By Tim Jagielo

Groveland Twp. — On Thursday, Jan. 2, you wouldn’t know that just five days prior a major rain event washed 12 inches of snow from Mt. Holly Ski and Snowboard Resort.

Thursday brought skiers and snowboarders enjoying the different slopes in 37-degree weather.

It’s no secret that snow conditions can change quickly at Mt. Holly. After General Manager Mark Tibbitts dealt with the rain event, Mother Nature turned around and provided snow. November blanketed the area with snow but December provided mostly rain.

This unpredictability is the “new normal” for ski resorts in Michigan. “Most ski areas have risen to the occasion,” Tibbitts said. “If we were required to rely on Mother Nature strictly, we wouldn’t be in business.”

While sometimes there’s no snow in your backyard, there will practically always be snow on Michigan ski resorts, which Tibbitts said have been relying on some form of snow making since the early 1980s.

He said 20 years ago, resorts wouldn’t even be open in this weather. His resort was built with a snow making system in 1956 and it’s been added to and upgraded through the years to increase capacity and cover every bit of the hills with a base layer of snow.

Snowmaking for 12 hours can cost $5,000. Mt. Holly’s snow is often created by the 152 snow guns drawing from a reservoir of two wells on site. They can push 5,500 gallons uphill per minute.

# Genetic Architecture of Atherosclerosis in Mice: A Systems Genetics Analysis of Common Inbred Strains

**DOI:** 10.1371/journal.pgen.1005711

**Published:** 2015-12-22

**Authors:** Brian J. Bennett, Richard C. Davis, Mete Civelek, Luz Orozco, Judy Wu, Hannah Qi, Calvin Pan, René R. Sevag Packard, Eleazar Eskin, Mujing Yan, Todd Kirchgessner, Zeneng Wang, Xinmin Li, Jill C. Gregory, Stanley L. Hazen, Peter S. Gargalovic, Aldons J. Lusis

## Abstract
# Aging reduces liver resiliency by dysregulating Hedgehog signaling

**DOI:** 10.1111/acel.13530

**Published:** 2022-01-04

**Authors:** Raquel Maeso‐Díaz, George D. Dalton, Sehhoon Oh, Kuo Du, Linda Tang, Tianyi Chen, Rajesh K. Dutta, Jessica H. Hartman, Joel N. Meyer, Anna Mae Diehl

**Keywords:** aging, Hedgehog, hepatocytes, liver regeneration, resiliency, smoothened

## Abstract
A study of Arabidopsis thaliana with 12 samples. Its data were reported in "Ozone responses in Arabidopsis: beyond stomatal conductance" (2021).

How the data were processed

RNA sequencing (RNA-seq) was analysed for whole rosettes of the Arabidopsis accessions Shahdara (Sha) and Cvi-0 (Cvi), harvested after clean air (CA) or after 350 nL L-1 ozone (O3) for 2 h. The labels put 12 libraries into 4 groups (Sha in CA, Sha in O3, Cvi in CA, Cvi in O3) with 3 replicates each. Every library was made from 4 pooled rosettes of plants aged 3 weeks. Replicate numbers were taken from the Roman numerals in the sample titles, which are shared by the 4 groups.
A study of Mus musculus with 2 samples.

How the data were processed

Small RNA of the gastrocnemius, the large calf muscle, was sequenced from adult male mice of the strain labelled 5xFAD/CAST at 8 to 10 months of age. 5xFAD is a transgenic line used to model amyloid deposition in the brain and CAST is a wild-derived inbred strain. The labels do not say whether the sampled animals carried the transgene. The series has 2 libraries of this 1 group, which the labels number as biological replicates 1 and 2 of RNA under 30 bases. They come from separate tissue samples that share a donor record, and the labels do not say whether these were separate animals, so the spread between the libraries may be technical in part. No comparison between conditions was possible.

Ideally, they’d be making snow at 28 degrees, but can make it at anything under freezing in low humidity. At the end of the season the snow melts and returns to the aquifer.

These “guns” are large drums equipped with a fan to turn water into vapor as it’s pumped into the air. It crystallizes and falls to the ground as “snow.” According to the Mountain News Corporation, it’s a different particle than natural snow.

Tibbitts said warmer weather yields faster, more granular snow. Above 45 degrees, snow starts to offer a slower ski experience.

“Last week we skied when it was 61 (degrees) and it was wonderful,” he said, adding that air temperature is more about comfort level and layers of clothing. “Skiing at warmer temperatures can be just as enjoyable.”

Weather is one factor that is unpredictable. Another changing trend is vacation patterns. Today, there are fewer salaried workers who have an entire week off, meaning it can be less busy during this holiday vacation period.

The maximum capacity for Mt. Holly is approximately 3,500 skiers per day. The first week of January will draw approximately 2,000 to the hills on a busier day.